Paul Glassman


With interviews often meandering into the overly personal and with incidental-seeming uncaptioned photographs (their compelling views and dramatic cropping notwithstanding), this book would be more rewarding as a series of video tours.

Master of the Midcentury: The Architecture of William F. Cody

There are too few floor plans, which reduces the value of this volume; suitable for comprehensive architecture collections.

Breuer’s Bohemia: The Architect, His Circle, and Midcentury Houses in New England

While in its focus on two Breuer clients, this book pairs well with Leonard Eaton’s Two Chicago Architects and Their Clients, Crump’s film tells a more compelling story of self-indulgent libertines who nonetheless became patrons of important work. Joachim Driller’s Breuer Houses (more comprehensively illustrated with floor plans) offers a deeper architectural understanding, but used in tandem with Syracuse University’s Digital Archive, Crump’s book is a worthy addition to larger architecture collections.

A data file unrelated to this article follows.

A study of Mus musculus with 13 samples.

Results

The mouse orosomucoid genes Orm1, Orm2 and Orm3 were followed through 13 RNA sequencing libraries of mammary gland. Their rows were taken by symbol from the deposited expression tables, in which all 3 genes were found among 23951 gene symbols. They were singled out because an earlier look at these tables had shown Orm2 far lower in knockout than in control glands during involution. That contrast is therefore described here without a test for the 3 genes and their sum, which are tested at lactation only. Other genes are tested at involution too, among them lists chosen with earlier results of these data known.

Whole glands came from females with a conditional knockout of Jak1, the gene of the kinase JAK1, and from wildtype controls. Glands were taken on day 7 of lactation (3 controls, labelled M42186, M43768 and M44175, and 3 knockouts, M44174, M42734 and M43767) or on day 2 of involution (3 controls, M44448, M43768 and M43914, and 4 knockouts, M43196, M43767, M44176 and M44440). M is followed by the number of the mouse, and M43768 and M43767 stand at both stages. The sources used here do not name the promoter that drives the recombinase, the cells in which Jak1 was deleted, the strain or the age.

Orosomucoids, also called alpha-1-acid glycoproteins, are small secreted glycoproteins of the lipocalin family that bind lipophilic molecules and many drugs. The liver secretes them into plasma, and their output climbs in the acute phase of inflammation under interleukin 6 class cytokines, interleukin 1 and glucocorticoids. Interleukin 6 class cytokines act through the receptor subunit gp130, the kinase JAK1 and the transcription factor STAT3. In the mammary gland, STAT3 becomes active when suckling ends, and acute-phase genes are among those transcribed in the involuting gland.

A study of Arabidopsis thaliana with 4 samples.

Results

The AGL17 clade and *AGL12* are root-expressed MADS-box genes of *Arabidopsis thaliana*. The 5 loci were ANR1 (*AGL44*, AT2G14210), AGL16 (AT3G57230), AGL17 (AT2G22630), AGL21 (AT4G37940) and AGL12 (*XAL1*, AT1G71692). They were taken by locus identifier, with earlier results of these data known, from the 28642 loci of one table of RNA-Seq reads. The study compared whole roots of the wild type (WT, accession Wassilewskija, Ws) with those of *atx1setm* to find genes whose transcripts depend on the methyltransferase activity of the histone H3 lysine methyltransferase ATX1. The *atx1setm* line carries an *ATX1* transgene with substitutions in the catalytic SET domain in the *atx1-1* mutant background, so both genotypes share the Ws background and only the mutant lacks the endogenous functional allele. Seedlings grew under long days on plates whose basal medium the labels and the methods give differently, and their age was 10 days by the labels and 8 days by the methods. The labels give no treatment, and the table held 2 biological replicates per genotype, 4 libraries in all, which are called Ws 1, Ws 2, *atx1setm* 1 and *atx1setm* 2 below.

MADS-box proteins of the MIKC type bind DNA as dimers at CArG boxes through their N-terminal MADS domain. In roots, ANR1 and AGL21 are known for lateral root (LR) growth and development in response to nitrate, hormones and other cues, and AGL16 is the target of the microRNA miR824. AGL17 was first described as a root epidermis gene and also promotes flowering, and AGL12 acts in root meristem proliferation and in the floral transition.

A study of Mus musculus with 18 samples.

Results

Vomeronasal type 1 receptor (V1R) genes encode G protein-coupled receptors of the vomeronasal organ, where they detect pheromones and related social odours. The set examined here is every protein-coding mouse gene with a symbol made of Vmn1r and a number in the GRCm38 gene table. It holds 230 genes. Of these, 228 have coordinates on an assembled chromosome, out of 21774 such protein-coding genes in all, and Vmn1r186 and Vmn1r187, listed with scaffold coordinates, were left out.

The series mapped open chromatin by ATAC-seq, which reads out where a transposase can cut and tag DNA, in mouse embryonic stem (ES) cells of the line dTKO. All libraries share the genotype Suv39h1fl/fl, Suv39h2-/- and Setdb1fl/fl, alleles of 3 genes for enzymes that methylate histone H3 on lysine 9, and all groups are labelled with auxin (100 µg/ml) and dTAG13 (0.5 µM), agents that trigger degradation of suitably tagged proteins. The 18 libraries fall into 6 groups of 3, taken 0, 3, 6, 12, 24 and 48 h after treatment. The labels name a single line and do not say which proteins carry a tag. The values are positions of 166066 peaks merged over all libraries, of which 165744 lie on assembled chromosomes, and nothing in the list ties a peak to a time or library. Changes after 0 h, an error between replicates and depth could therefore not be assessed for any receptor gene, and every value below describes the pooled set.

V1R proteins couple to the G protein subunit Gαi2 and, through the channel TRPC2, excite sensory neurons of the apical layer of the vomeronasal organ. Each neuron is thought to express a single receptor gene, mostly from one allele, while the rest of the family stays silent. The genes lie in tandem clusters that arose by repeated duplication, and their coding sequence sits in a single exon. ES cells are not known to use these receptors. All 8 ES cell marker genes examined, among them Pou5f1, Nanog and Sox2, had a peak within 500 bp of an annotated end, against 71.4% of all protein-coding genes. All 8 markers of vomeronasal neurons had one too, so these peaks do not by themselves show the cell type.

Gothic: An Illustrated History

A work of exceptional originality and fresh insight, with sparkling prose.

Kengo Kuma: My Life as an Architect in Tokyo

With observations on urbanism that are more inspiring than those in the late, peripatetic architect Michael Sorkin’s Twenty Minutes in Manhattan, this text benefits from monochromatic photographs and delicate, understated, textural pencil sketches, which will inspire design students to express their ideas more abstractly. For all architecture libraries.

Tom Kundig: Working Title

For large, comprehensive architecture collections.

This Is What Democracy Looked Like: A Visual History of the Printed Ballot

For all American history and graphic design collections.

Sean Godsell: Houses

With no other title on the architect in print, this volume will inspire students appreciative of Godsell’s eclectic, cross-fertilized minimalism and is therefore essential for all collections that support design curricula.